Islamists use jihadist training for Paris attacks

Terrorism & Insurgency


Thousands of people gather at Republique Square in Paris on 11 January for a rally to honour the 17 victims of the terrorist attacks. On 14 January, AQAP claimed responsibility for the attack on the offices of Charlie Hebdo. Source: PA


Key Points


  • Three days of Islamist terrorist attacks from 7 to 9 January in France culminated in the deaths of 17 civilians and three terrorists, with links apparent between the attackers and external militant groups.
  • Characteristics of both a directed plot and ‘lone-wolf’ self-radicalisation were evident in the attacks, with two of the perpetrators acting on behalf of Al-Qaeda in the Arabian Peninsula (AQAP) and one pledging fealty to the Islamic State.
  • Initial assessment suggests that all of the attacks were planned and executed by the individuals themselves, utilising the skills and training they had received and their pre-existing militant Islamist network links.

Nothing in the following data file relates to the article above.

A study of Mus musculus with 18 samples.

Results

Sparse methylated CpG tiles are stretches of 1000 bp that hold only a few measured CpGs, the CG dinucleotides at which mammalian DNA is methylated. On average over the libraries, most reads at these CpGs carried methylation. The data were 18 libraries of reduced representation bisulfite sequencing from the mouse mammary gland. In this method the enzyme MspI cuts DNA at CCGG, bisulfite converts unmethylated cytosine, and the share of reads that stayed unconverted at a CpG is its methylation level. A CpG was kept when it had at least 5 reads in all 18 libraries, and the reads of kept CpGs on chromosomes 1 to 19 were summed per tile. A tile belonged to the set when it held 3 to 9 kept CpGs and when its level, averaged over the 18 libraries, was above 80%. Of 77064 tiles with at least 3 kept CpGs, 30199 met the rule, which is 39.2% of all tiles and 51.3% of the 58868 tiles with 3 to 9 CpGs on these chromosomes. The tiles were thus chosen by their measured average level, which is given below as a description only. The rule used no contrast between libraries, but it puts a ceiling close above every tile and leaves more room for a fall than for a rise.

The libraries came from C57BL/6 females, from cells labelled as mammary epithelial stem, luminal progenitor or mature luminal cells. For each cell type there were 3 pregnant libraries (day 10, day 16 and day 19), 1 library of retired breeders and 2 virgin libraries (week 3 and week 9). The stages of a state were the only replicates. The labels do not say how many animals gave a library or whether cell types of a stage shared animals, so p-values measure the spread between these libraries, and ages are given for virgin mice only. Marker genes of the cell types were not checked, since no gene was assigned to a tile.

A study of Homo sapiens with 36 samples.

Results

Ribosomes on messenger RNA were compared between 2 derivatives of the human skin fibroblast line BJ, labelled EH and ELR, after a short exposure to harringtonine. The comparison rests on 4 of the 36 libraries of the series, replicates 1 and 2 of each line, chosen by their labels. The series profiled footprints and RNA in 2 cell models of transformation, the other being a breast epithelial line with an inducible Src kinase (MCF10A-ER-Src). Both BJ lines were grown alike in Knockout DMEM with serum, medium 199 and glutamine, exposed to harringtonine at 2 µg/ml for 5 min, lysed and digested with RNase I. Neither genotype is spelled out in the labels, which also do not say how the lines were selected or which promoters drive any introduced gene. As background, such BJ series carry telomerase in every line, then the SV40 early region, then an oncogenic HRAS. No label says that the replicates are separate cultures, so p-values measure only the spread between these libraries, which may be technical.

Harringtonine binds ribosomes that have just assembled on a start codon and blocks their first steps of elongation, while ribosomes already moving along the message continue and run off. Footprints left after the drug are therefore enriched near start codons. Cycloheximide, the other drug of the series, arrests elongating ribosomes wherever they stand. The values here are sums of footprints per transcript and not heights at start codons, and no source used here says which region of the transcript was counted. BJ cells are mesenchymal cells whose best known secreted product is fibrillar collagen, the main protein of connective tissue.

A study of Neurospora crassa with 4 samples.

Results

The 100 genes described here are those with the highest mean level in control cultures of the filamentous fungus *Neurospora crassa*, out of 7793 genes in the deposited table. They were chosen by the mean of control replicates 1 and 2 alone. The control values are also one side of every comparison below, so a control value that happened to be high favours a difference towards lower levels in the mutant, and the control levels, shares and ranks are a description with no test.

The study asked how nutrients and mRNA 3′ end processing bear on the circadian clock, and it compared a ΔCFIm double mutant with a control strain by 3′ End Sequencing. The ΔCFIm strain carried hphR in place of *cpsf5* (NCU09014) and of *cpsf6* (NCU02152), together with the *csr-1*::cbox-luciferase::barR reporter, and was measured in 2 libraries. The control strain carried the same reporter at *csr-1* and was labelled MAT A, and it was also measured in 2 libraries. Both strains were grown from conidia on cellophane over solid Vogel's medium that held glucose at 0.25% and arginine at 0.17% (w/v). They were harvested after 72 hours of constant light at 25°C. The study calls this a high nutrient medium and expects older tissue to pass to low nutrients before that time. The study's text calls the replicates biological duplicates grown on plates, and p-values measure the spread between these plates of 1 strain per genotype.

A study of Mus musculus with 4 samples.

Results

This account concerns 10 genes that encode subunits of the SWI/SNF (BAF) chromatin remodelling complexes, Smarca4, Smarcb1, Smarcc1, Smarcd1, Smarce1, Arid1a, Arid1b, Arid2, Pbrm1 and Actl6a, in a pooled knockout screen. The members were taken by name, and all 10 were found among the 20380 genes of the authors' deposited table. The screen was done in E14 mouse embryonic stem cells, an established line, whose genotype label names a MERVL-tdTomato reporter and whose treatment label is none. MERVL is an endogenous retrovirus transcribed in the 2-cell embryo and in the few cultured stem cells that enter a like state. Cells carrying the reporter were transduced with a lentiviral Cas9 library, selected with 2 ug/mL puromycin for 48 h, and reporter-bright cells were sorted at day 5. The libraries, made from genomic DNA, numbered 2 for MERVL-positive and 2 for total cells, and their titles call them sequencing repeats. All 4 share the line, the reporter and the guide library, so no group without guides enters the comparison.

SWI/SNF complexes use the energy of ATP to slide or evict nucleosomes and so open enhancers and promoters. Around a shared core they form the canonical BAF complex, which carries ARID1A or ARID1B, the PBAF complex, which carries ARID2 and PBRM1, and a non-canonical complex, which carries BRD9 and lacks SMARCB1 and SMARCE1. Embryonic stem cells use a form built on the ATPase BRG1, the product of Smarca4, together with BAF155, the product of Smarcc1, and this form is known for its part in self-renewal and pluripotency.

Just before midday local time on 7 January in Paris, two masked men armed with AK-series assault rifles entered the office building of satirical magazine Charlie Hebdo and began shooting, while a third person remained outside. The attackers were subsequently identified as 32-year-old Chérif Kouachi and his brother, 34-year-old Saïd Kouachi, both French nationals of Algerian descent. They killed 11 people in the office, including four of the magazine’s well-known cartoonists and a police bodyguard, and wounded 11 others.


Approximately 10 minutes after entering the office, they re-emerged and shot at police in the street before fleeing in a getaway car, driven by a third, as yet unidentified, person. They then engaged police on two more occasions shortly afterwards, injuring and then killing one police officer, before fleeing towards northern Paris, where they hijacked a different vehicle near Porte de Pantin.


Two days later, on 9 January, after an extensive manhunt across the northeast of the country, security forces cornered the Kouachi brothers in a warehouse in Dammartin-en-Goële, north of Paris, leading to a stand-off that lasted several hours. During this time, French television channel BFM-TV contacted the assailants, who then claimed the attack had been directed and financed by Al-Qaeda in the Arabian Peninsula (AQAP).